News

NY group uses guerrilla tactics against anti-marriage legislators

by Peter Cassels
EDGE Media Network Contributor
Thursday Jan 7, 2010

Civil rights organizers have employed rallies and demonstrations to call attention to injustices for generations, but some LGBT activists in New York who remain enraged by the state Senate's vote against marriage for same-sex couples have begun to resort to guerrilla tactics and other forms of civil disobedience.

The Dec. 2 vote against the marriage bill represented a significant setback in efforts to extend marriage to gays and lesbians in the Empire State. Many Democratic senators had initially said they supported the bill's passage, but eight eventually voted against the measure. And the protests began almost immediately.

Activists confronted state Sen. Carl Kruger [D-Brooklyn] as he left the Senate floor in Albany, accusing him of being closeted and telling him he betrayed his LGBT supporters.

New York City rallies followed. And then a group of activists called Kruger a "bigot" as they marched in front of his Brooklyn home on Dec. 13.

The "I'm mad and I'm not going to take it anymore" mood spread; protesters crashed embattled state Sen. Hiram Monserrate [D-Jackson Heights]'s Dec. 22 holiday party in Queens.

As entertainment ended and a buffet dinner for some 400 party goers was about to get under way, a group of about seven protesters snuck in and, referring to the first anniversary of Monserrate's arrest for allegedly slashing his girlfriend, chanted, "Hiram thinks marriage consists of one man, one woman and a broken bottle."

A Queens judge convicted the former police officer in October of misdemeanor assault against his girlfriend Karla Giraldo while he dragged her through the lobby of his apartment building.

The group also put flyers on parked cars.

"Hiram Monserrate: Help me celebrate my first year anniversary of girlfriend slashing," they read. "I proudly voted to deny civil marriage rights to my gay (LGBT) constituents."

In an e-mail to supporters following the incident, group co-founder Alan Bounville maintained activists turned the gathering into an anniversary party celebrating domestic violence.

A police van followed the protesters for about a quarter mile after they left the party, Bounville reported, but there were no arrests. He said officers were courteous and even wished the group happy holidays before they left, he added.Bounville's group later posted a YouTube video of the protest that has garnered nearly 27,000 views.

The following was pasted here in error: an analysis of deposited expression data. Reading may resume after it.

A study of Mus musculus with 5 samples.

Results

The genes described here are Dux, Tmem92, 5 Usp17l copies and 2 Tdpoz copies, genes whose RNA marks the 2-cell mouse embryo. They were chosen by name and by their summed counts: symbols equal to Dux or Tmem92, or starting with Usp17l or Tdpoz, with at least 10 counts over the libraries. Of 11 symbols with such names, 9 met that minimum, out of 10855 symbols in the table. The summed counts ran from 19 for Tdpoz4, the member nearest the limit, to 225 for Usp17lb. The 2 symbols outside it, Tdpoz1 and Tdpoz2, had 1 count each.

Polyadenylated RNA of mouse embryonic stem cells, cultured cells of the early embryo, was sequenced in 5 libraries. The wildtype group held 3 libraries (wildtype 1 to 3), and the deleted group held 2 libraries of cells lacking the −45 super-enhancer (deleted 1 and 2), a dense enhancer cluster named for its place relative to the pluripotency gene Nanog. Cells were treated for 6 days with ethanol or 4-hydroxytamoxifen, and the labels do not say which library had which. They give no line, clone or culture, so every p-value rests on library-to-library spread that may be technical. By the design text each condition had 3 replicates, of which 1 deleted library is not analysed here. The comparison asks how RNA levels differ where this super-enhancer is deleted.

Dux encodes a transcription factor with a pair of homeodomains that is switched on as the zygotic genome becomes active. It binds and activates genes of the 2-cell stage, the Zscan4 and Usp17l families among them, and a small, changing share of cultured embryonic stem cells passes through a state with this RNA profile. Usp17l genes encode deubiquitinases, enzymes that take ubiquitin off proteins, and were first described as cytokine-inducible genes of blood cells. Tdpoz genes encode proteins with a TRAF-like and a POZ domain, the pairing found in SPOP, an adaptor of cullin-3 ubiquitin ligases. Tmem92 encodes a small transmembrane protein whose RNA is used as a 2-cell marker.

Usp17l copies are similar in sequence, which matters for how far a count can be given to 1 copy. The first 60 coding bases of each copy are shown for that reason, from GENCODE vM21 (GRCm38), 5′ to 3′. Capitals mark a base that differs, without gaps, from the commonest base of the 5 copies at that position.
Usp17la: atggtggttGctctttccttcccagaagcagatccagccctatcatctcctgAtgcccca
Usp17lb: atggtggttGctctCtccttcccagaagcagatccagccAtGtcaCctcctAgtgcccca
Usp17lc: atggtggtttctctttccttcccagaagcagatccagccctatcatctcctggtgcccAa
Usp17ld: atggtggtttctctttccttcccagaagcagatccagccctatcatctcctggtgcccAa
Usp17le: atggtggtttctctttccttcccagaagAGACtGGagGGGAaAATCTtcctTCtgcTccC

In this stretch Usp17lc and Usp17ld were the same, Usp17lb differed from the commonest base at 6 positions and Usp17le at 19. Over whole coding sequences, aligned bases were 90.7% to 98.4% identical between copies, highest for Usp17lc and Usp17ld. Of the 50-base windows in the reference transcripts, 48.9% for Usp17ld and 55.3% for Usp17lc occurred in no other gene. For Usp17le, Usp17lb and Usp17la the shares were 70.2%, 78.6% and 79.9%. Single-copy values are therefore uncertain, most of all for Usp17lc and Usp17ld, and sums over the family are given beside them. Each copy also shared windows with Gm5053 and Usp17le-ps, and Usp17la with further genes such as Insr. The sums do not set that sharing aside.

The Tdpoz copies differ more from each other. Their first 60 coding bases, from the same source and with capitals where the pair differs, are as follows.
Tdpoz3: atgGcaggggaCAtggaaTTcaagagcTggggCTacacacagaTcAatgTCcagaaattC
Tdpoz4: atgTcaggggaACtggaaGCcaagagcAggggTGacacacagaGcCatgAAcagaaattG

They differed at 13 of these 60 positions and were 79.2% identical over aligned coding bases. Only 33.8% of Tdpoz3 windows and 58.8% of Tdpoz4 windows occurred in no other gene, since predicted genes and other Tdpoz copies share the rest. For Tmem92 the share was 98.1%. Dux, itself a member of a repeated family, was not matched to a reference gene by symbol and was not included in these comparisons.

The Monserrate party-crashing was the first in a planned series of acts of civil disobedience the group plans, according to Bounville. In a Jan. 4 phone interview with EDGE, he wouldn't divulge details on targets, dates or locations, but the group is now called Queer Rising. Bounville said its mission is "demanding queer rights through direct action."

He declined, however, to disclose how many people have joined his group.

"We don't want to release too much data to the media," Bounville said. "We have a good-sized group starting. We have a very strong group of people showing they were committed to this early on. A lot of people have experience with civil disobedience, which helps."

Bounville said marriage will not be the group's sole focus. He said he and fellow activists intend to target "all of the areas LGBTQ people suffer in equality in this country."

Bounville has experience in fighting for LGBT rights. Before moving from Orlando to New York last summer to attend grad school at New York University, he was involved in what he calls "virtual activism" by participating in a blog aimed at getting domestic partnership benefits for employees of Orlando Health, a large hospital system. Bounville said Queer Rising soon will launch a web site and Facebook page.

"I'd wanted to start a group engaged in direct action," he said. "As I watched that Senate vote against marriage equality come down it just all crystallized." He began working with Andrew Conte, whom he met at one of the Union Square rallies. Together, they co-founded Queer Rising.

The group comprises people from all walks of life, Bounville reported. Some of its members are also affiliated with other activist groups.

The protesters will continue to engage in acts of civil disobedience even if they risk arrest, he added.

"Each action's unique," Bounville said. "We'll do whatever is needed. The actions will be very much in your face, telling people who are oppressing us that we're done. It's time."

Peter Cassels is a recipient of the National Lesbian and Gay Journalists Association’s Excellence in Journalism award. His e-mail address is pcassels@edgepublications.com.


Comments

  • , 2010-01-08 14:41:44

    Keep it up Queer Rising don’t give up until we win. Equality in this year 2010 Give hell to the traitors until we have our rights.


  • , 2010-01-08 23:38:03

    This is great to see that we are FINALLY shifting the movement into civil disobedience!!! It is WAY past time. More groups need to stand up throughout the nation and do the same!!!